Pittsburgh remains on a fairly solid financial footing, according to a new report from the city controller's office, adding about $16 million to its coffers in 2015.
But Controller Michael Lamb said obligatory spending -- such as pensions, employee benefits and long-term debt -- still accounts for almost half of the city's yearly budget.
“It’s hard to make ends meet and do the things you need to do as a city when 46 percent of your budget is taken right out on those three items,” Lamb said.
Increased revenues from taxes on property, income and parking -- which together accounted for almost two-thirds of city income -- canceled out higher spending due to new hires in the Department of Public Safety.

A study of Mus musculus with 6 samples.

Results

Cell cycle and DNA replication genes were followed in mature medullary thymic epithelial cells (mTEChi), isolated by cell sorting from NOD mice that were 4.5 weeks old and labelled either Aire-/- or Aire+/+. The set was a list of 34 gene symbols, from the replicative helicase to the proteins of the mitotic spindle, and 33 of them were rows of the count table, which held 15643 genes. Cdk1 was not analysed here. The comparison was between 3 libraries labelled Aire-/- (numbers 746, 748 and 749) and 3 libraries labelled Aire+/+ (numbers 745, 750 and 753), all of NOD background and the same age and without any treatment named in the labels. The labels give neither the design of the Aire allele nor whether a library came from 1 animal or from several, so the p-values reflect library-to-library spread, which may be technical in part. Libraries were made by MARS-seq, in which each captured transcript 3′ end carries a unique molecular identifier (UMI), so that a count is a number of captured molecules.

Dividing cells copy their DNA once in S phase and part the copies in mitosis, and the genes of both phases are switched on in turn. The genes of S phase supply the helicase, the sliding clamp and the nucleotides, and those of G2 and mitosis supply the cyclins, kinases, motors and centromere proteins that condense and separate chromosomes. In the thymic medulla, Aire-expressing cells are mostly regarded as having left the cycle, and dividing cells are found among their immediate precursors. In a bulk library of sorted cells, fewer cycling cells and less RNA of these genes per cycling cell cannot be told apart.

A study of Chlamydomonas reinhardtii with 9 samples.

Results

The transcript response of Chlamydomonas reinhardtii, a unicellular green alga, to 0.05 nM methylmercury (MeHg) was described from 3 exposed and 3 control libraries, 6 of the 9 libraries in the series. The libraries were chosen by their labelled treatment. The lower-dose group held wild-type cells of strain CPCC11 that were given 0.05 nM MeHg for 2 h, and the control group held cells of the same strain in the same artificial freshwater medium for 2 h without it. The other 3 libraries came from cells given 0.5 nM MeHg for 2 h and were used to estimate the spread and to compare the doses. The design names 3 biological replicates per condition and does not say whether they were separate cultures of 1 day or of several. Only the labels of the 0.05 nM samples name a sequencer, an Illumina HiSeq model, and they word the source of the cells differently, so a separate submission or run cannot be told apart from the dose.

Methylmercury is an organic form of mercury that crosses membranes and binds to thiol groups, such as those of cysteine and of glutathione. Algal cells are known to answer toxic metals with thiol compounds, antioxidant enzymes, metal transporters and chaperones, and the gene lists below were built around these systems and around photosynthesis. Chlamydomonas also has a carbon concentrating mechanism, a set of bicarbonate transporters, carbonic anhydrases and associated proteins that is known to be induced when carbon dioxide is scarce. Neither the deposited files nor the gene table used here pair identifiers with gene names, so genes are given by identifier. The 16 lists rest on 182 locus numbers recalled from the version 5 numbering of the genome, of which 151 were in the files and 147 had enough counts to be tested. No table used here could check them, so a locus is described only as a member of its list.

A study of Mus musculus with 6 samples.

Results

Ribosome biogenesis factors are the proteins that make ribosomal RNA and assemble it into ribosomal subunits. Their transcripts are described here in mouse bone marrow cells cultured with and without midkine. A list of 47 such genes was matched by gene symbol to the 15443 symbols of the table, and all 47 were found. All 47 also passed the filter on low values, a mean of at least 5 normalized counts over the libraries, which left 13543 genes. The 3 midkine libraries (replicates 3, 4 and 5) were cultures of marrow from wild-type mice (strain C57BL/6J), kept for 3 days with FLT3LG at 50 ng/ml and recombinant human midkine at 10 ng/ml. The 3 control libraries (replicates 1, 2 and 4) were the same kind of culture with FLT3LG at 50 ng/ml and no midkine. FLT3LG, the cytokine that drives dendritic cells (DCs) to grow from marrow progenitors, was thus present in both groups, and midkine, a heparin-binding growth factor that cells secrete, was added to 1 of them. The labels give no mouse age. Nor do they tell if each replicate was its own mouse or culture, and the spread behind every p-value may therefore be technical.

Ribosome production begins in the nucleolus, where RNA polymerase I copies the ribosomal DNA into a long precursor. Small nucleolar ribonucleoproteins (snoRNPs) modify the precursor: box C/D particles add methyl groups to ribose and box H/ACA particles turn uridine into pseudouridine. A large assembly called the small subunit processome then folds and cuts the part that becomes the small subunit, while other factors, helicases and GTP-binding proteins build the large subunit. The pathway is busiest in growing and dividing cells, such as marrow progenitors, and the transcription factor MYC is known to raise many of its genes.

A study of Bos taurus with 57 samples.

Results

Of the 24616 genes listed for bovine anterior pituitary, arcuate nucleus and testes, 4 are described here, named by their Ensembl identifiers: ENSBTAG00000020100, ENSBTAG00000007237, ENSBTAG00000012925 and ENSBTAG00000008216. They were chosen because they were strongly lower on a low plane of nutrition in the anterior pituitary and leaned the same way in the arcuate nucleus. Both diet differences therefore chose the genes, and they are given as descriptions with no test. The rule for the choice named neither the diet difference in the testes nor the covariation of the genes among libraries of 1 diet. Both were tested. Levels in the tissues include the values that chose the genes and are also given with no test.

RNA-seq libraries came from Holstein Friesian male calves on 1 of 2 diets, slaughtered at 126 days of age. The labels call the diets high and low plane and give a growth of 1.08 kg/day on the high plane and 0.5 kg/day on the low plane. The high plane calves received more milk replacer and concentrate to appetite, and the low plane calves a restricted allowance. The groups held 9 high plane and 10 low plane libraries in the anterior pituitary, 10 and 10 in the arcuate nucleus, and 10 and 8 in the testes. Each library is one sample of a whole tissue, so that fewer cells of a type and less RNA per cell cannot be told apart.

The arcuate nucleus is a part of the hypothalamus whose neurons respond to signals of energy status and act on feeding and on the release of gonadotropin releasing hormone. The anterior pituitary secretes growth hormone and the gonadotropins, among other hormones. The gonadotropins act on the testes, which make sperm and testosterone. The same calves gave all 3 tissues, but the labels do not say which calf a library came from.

Because many of Pittsburgh's top employers are tax-exempt nonprofits, the controller said the city's tax burden is largely focused on residents.
Lamb said he'd like the property tax burden to be more equitably distributed between richer and poorer neighborhoods. He said houses that sell for $50,000 to $100,000 are usually assessed as such, “but if you live in a neighborhood where the properties are a million (dollars), then none of them are assessed at a million (dollars). They tend to be assessed at 500, 600 (thousand dollars) – something like that. So, they are being assessed at half of their value, where lower income neighbors are being assessed at a hundred percent of their value. That’s unfair.”
Lamb said he'd like Allegheny County leaders to reinstate a decades-old policy of reassessing all properties in the county every three years.